Independence Day: Resurgence review
Only Goldblum fans need bother
In the late 1990s, Twentieth Century Fox would have paid screenwriter Dean Devlin (Stargate, Godzilla ’98) a life-changing boatload of money if he wrote a sequel to his quintessentially 90’s movie, Independence Day. The story goes Devlin neither turned in the script nor cashed the check to make the sequel to the highest-grossing movie of 1996. Instead, Devlin waited twenty years to develop a follow-up with oft-collaborator director/ co-writer Roland Emmerich (Stonewall, White House Down). And what is the difference after a solid twenty years has passed? Apparently they’ve subtracted the star, added three more writers, tacked on $50 million to the budget, but still manage to turn in a movie worse than its predecessor despite plot elements introduced at the end that would potentially set up an intriguing premise. Although a notable absence in franchise heart and superstar Will Smith, plenty of hilariously (in a bad way) convenient plot points, and lackluster special effects, pop culture icon Jeff Goldblum (Mortdecai, The Grand Budapest Hotel) provides enough nostalgia and laughs for Independence Day: Resurgence to satisfy fans of the original and B-movies/ Sci-Fi in general—but it ends there.
While doing press rounds for his latest film, director Emmerich openly criticized the comic book genre, finding it “silly” and adding, “I don’t understand it.” The director of 10,000 B.C. and The Day After Tomorrow can’t see the similarities in blockbusters because he can’t get past the costume. “A lot of Marvel movies, they have people in funny suits running around,” Emmerich said to the Guardian, “I don’t like people capes.” Perhaps Emmerich should have taken a note or two out of the Avengers’ playbook. Independence Day: Resurgence offers very little outside of sheer blockbuster spectacle in 3D. Despite a few returning characters like Goldblum’s “Dr. David Levinson” getting their share of the spotlight to perform and create a role, the franchise’s new characters do very little but play make-believe at some CGI. I felt highs and lows in Captain America: Civil War, I felt ripped off at the end of Resurgence.
In blockbuster terms, IDR amounts to a B-movie with a colossal budget. On that level, the film hits all the right notes. Everything that made the first well-loved gets amplified, but to a detrimental level. The mothership is a laughable three thousand miles in diameter, the aliens are simply bigger and angrier, the CGI never ends, and a fan-favorite character presumed dead from Independence Day returns in perfectly contrived fashion if only to satisfy viewers. The plot itself reiterates the recent stereotype in television and film that crazed victims of alien abduction/ technology compulsively write on the wall in celestial characters of mathematics and language.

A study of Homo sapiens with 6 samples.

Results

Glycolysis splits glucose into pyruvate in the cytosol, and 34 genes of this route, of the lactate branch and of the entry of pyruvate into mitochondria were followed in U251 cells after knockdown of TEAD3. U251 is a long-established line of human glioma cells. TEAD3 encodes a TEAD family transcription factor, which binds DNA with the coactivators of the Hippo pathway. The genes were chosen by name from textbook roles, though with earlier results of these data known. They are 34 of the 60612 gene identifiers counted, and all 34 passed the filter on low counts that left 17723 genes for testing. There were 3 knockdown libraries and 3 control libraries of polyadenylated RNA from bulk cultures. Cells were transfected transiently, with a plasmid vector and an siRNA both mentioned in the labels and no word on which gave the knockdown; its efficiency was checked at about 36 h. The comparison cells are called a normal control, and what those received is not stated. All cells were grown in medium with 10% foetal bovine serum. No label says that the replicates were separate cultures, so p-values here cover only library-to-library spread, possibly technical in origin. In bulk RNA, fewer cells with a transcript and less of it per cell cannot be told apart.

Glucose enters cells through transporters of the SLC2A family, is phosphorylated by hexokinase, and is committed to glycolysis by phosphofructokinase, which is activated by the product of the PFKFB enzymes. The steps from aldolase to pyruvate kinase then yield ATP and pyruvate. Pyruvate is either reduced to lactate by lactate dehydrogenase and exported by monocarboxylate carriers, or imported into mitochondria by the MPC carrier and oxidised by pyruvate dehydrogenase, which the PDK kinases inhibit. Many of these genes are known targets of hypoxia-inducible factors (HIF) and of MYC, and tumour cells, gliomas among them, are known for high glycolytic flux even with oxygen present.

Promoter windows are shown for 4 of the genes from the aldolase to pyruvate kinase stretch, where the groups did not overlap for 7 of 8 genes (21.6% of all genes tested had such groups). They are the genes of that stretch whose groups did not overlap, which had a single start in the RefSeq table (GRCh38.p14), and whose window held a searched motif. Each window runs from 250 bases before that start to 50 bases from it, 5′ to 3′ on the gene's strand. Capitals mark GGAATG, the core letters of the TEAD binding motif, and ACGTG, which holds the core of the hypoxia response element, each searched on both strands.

Goldblum, himself a B-movie icon from the early David Cronenberg film The Fly, gives the only believable performance of the cast. The actor executes his trademark method of what “Community” has dubbed “Goldbluming” and continues Dr. Levinson’s fast-talking, witty, and problem-solving rhythms. Bill Pullman (While You Were Sleeping, Spaceballs) returns to play the former U.S. President, one of the characters suffering from “alien contact-itis” and, unfortunately, has his role reduced to a migraine-sufferer with a predictable, albeit heroic, arc. Judd Hirsch (“Numbers,” “Taxi”) also reprises his role of Levinson’s proud, faithful father, again providing much of the film’s humor despite following a bizarre, convenient, and predictable trajectory. Nearly all the featured young pilots (rising stars such as Liam Hemsworth, Maika Monroe, and Jessie T. Usher) obviously spent the majority of their shoot shouting at green screen or performing stunts.
Independence Day: Resurgence surely failed to live up to the well-liked, widely-seen 1996 original that grossed over $800,000,000 in the nineties. Taking a page from the book of fellow blockbuster extraordinaire Michael Bay, director Roland Emmerich gets a bigger budget and more than doubles down on writers to produce a bloated, effects-driven collection of scenes strung loosely together by a paper-thin plot. In the twenty years since the first alien invasion, the viewer is expected to believe that human technology has advanced one-hundred fold while alien tech hasn’t budged? Suspended disbelief can only go so far, and in the case of IDR it merely goes about fifteen minutes until Jeff Goldblum and 3D are the only reasons a person can keep invested.